What’s a Root Canal Procedure?
Your teeth have three parts; the enamel, the dentin and the soft inside called the pulp. Root canals are procedures that remove the pulp when it becomes infected or damaged. This usually happens when you have deep, untreated decay, a crack that reaches the pulp or you suffered trauma to the tooth. Infected or inflamed pulp can cause an unbearable toothache, making it difficult to concentrate at school or work.
How Would I Know If I Need a Dental Root Canal?
While only a dentist can determine your unique needs, you can be on the lookout for common symptoms of infected pulp, such as:
- Gum swelling
- Facial swelling
- A moderate to severe unprovoked toothache
- Prolonged hot and cold tooth sensitivity
- Pain when chewing or biting down
- Your tooth may darken
If you are experiencing any of these symptoms, contact our office to make an appointment with our dentist.
Should I See a Root Canal Dentist for the Procedure?
General dentists often perform root canals, a common procedure. If you begin by seeing a dentist, he or she will refer you to an endodontist if necessary to perform the procedure. Endodontists are dentists who have several years of training after completing dental school in treating the insides of teeth. Typically, endodontists perform root canals on teeth with complicated root systems and provide re-treatment for failed root canals. If you contact our office, we will make sure that you see the appropriate dental professional.
How Does a Dentist Perform a Root Canal?
The procedure is straightforward and is usually completed in one appointment. The basic steps include:
- Your dentist administers a local anesthetic to numb the region. You will not feel pain during the procedure.
- We place a dental dam around your tooth to keep the area clean while your dentist works on the tooth. The dam keeps saliva, which contains bacteria, out of the canals.
- Your dentist has to drill a small hole in your tooth to access the canals. In front teeth, the access hole is drilled in the back; in molars, your dentist will drill the access hole in the chewing surface.
- Your dentist removes the pulp and shapes the canals using special tiny instruments.
- The canals are rinsed with a disinfecting solution and then filled with gutta-percha, a biocompatible, rubbery material.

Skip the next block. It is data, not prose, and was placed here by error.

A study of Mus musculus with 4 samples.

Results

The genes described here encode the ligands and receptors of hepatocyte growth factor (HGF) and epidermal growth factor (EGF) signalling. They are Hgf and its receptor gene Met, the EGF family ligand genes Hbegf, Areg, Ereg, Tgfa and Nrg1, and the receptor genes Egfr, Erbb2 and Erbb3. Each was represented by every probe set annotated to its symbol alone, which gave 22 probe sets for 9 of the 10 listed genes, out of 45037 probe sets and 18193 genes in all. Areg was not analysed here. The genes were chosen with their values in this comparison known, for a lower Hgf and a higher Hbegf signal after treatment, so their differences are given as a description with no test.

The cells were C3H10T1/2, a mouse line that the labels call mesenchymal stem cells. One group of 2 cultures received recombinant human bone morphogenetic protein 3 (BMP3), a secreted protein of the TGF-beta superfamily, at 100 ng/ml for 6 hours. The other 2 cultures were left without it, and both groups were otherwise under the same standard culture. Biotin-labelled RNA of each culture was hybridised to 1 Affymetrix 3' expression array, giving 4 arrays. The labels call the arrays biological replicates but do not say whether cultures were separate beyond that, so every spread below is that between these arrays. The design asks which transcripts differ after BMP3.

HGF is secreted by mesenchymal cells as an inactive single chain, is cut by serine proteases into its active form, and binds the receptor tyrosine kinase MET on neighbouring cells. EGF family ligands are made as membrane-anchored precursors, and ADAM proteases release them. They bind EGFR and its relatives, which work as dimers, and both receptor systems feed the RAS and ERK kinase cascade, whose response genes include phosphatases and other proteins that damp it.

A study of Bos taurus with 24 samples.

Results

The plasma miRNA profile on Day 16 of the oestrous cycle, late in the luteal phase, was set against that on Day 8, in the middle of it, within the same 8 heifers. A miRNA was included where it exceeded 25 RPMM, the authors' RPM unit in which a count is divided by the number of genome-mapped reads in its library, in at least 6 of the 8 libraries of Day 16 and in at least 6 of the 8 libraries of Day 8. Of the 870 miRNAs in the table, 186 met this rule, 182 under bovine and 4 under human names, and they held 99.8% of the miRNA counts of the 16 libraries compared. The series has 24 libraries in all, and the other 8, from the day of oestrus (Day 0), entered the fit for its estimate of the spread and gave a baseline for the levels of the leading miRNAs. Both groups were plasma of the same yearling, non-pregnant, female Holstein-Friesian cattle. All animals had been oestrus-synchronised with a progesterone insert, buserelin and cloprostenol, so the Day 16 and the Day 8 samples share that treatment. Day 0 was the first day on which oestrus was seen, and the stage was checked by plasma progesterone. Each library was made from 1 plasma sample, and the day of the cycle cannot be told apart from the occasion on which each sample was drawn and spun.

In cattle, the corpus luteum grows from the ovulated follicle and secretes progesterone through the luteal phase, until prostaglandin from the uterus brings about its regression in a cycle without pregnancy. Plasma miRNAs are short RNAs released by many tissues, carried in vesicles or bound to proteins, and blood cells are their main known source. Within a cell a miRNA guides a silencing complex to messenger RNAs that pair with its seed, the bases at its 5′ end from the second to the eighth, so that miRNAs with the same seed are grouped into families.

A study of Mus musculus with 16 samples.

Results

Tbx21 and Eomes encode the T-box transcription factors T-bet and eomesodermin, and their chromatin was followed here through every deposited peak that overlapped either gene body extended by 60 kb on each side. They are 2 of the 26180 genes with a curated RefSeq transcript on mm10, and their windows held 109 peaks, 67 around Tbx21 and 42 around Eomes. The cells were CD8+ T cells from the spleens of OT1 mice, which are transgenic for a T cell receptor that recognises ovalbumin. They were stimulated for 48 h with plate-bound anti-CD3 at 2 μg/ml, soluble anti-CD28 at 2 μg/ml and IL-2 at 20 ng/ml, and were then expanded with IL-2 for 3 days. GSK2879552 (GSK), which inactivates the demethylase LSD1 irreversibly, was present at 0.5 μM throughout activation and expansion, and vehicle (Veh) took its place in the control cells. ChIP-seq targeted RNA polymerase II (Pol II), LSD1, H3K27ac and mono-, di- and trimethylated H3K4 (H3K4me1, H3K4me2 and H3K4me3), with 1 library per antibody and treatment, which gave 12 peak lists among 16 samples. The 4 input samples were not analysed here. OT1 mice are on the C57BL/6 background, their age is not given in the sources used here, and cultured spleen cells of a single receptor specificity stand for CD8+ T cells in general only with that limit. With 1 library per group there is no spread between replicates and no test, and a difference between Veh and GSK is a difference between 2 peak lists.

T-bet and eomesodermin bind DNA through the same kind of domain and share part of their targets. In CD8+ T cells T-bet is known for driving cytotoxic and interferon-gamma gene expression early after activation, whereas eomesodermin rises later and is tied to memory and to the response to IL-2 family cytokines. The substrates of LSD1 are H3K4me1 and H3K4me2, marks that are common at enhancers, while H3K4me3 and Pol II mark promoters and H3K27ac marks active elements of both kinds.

- You’ll have a temporary filling to seal the tooth. Our dentist will discuss the need for a root canal crown with you.
A tooth that has had a root canal will break more easily. The crown is an important last step in restoring your tooth’s ability to function properly. Until your crown is ready, take care not to bite on hard foods with the affected tooth.
After your procedure, you may have minor discomfort for a day or two after the procedure. An over-the-counter pain reliever should be enough to ease the discomfort. Some patients do not feel any pain at all afterward.
What Do Root Canals Typically Cost?
We calculate your root canal cost after an examination by our dentist and a review of your x-rays. He or she will look at the tooth’s location and condition. Root canals for front teeth are usually less expensive than root canals for molars because molars have more roots. If you consult an endodontist, the procedure usually costs more than it would if you only saw a dentist. If you have dental insurance, we can let you know your out-of-pocket costs. Call our office if you are looking for a dentist for an affordable root canal.
What Kind of Root Canals Are There for Baby Teeth?
Pediatric pulpotomies are not really root canals, although people call them baby root canals, because the dentist only removes the pulp from the pulp chamber in the crown, not from the canals in the roots. It’s an easier procedure for children compared to traditional root canals. A stainless steel crown covers the tooth after the procedure, which should last until the adult tooth emerges.
Apicoectomies are another type of procedure used when retreatment hasn’t worked and the tooth is still infected. Dentists, typically endodontists, perform root end surgery, cutting off the end of the root and resealing it. The surgery involves making a small cut in your gum.
Will a Dental Root Canal Treatment Hurt?
No, root canals are not painful at all. Whereas having infected pulp is painful, often excruciatingly so. It’s tempting to get the tooth pulled, but a missing tooth is expensive to replace. Root canals relieve pain and, in the long run, they are more economical and better for your oral health than having an extraction. Call our office to make an appointment with one of our dentists to learn more about how the procedure can benefit you.